By Rachel Bevans, The Healthy Brand Company
Brand is not ‘set and forget’. As businesses grow, they need to review their brand.
Often businesses inherently carry the owner/s vision, values and personality – some of these brands are documented, some are not; most of the time the values carry throughout the organisation and people they naturally attract as customers and employees.
As the business grows, the business attracts new customers, new systems and processes are established, new products and services are offered, new suppliers are sourced; and new employees are needed.
The business moves out of close proximity to the original owner/s, into the hands of others, with the brand shifting from what it originally stood for. With more employees, customers and touch-points, the brand starts to fragment. And to attract new customers and employees, the original brand may not be as relevant any more.
Why is your brand important?
- It attracts desired customers and employees
- It provides a guide for how you deliver against the brand promise at every experience – from products and services to pricing and distribution; from communications and stores to corporate social responsibility and community involvement; people and process
- It engages and retains current customers with the aim to increase customer value and create advocates that, in turn, fill the sales/marketing pipeline
- It engages and retains current employees who deliver experiences for your customers and are credible brand ambassadors
- Its reputation satisfies investors and the community as a whole
- It is accountable for business performance and builds goodwill value on your P&L
Brand facilitates the top 5 ways SMEs are planning to grow:
For further information on how brand enables these areas, below are links to blogs on:
- Marketing and advertising: http://bit.ly/SME_MARCOM
- New markets, new products and services, acquisitions: http://bit.ly/SME_PSMA
- Employing new staff
So what can you do about it?
Initially you’ll need to define and document your brand, engaging employees throughout the process to own the brand and empowering them to deliver every experience against the brand promise.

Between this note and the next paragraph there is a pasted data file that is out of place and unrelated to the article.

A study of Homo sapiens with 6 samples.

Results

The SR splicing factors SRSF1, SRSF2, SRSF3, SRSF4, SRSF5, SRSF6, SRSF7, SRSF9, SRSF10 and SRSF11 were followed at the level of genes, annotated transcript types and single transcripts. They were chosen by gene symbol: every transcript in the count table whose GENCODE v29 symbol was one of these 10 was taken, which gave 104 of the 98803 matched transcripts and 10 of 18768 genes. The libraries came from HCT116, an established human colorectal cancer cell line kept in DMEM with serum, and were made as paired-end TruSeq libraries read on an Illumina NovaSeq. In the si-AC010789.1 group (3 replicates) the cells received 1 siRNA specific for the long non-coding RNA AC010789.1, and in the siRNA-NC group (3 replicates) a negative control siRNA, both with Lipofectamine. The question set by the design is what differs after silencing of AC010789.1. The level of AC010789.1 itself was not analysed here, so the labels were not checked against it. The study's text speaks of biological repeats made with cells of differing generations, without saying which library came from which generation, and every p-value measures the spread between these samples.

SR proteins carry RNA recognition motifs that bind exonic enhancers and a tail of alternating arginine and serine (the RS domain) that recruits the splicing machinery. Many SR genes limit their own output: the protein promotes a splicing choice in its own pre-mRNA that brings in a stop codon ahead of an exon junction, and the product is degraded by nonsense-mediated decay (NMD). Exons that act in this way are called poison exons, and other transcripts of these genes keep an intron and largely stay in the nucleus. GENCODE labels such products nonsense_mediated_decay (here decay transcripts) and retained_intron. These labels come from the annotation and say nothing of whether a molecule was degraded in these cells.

Once your brand is being implemented, there are 4 key opportunities for brand review:
1) Regularly e.g. monthly / quarterly
Just as you review your sales results against forecasts and P&L regularly, so should you keep track of your brand. This means you need measures and process put in place to monitor your brand’s performance and make changes to activities as required.
For small-to-medium businesses this is often a luxury as the focus is on the everyday, on cash flow, on preparing for growth and preventing the loss of it.
2) Once a year
Most businesses will have a 3-5 year strategic business plan that is reviewed once a year for budget planning. This is a less frequent opportunity to take a more comprehensive review of your brand and how you’re delivering against it.
For businesses in their first 3-5 years, this is still often not considered.
3) When you reach 25 employees
There are many books and blogs on business growth and when things start to breakdown. Some say around 25 employees, others say around 10-15, others 50, with culture and communication being the most professed keys to success. Your brand informs culture – the experience for your employees and in turn, customers – and communication – to employees, customers and key stakeholders – as well as guiding all other areas of your business. If you’ve gone beyond this number, it’s time to define or review your brand.
4) Towards the end of your first 3-5 year strategic plan
A solid, strategic business plan and a brand that guides what you do, say and how you go about it, make a powerful pair for growth.
As you’re planning towards your next 3-5 years, now is the time to consider if your brand is relevant and compelling to your employees and customers of the future, and whether is it documented for employees and extended teams such as agencies and contractors to consistently deliver against.
Rachel was also featured on The Fitness Business Podcast, Show 71.
Contact Rachel Bevans at The Healthy Brand Company for all your brand creation, engagement, research, review and revitalisation needs.
Mobile: 0467 441 841
Justin is the Managing Director of Active Management, which he began January 2004. He offers coaching to businesses worldwide in everything from start up and design to marketing and sales systems. Justin also facilitates four Australian and New Zealand ‘fitness industry roundtables’ events, which allows him to see a huge cross section of business models.